Monday, August 25, 2014

Towards the End: Franz von Stuck

Franz von Stuck (1863-1928) was a leading figure in the Munich art world, both as a secessionist and as an establishment art instructor. Although he painted fairly conventionally when it came to portraits, much of his work can be classified as Symbolist. In his case, symbolism was usually in the form of Classical or Biblical subjects. His Wikipedia entry is here, and I posted about him here.

Stuck's Symbolist paintings tend to be dark, but he made some bright non-portrait paintings along the way, especially around the early 1920s. But he continued his dark Symbolism into the final years of his career, as can be seen below.

Gallery

Sin - 1893
Stuck's best-known subject is "Sin," of which he painted a dozen or so versions. I include this to set the scene, but you can click on the above link to my post about him to see other examples of his art from his heyday.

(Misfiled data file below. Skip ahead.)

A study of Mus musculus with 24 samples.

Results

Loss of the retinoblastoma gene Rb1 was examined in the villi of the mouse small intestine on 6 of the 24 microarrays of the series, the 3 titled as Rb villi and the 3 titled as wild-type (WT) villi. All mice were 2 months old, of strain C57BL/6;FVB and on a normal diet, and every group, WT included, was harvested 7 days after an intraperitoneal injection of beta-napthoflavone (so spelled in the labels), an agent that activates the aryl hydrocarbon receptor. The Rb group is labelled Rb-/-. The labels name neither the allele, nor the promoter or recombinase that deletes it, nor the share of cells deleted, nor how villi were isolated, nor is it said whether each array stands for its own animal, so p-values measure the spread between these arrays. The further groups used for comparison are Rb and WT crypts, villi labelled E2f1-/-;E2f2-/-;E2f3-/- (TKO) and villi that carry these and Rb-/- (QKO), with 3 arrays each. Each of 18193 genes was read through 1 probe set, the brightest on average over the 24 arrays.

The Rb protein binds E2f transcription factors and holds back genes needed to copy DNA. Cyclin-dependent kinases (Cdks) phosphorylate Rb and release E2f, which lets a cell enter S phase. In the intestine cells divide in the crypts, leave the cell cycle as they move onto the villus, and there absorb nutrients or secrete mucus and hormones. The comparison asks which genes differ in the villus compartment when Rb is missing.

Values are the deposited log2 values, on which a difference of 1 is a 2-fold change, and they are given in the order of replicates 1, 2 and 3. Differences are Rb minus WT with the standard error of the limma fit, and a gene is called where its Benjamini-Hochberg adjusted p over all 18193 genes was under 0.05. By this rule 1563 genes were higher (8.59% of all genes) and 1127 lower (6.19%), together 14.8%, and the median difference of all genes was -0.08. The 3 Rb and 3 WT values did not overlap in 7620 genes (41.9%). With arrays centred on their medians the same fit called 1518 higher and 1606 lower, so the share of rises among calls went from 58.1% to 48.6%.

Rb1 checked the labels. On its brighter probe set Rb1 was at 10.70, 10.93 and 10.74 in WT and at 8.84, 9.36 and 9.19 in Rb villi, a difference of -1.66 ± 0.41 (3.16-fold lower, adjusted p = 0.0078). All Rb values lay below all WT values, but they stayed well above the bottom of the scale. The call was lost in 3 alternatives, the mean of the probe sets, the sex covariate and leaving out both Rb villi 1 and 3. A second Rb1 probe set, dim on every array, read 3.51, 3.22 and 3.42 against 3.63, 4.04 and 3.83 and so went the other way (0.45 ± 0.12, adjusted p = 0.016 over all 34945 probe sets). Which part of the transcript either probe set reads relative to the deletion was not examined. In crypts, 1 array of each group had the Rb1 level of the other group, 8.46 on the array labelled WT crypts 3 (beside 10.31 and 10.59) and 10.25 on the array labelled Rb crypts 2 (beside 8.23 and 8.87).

The Circle Dance
Judgment of Paris - 1923
Sorry about the small size, but that's all there is on the Internet. The two paintings above are part of the Frye Art Museum collection in Seattle and show a not-gloomy Stuck at work.

Badende Frauen (Women Bathing) - c. 1920
A bright, non-Symbolist painting from around the same time.

The Three Goddesses: Athena, Hera and Aphrodite - 1923
Again in the same time frame, but more to the traditional Stuck style.

Pygmalion and Galatea - 1926

Judith - 1927
These two paintings were done within a couple of years of Stuck's death at age 65. He seems to have been little influenced by the Modernist "isms" that came along after 1900, his final works not being greatly different in spirit from what he painted 20 or 30 years earlier. The two Frye paintings suggest influence of the simplified, flattened representational painting style that emerged for a while after the Great War. The bathing women seem to have an Impressionist touch.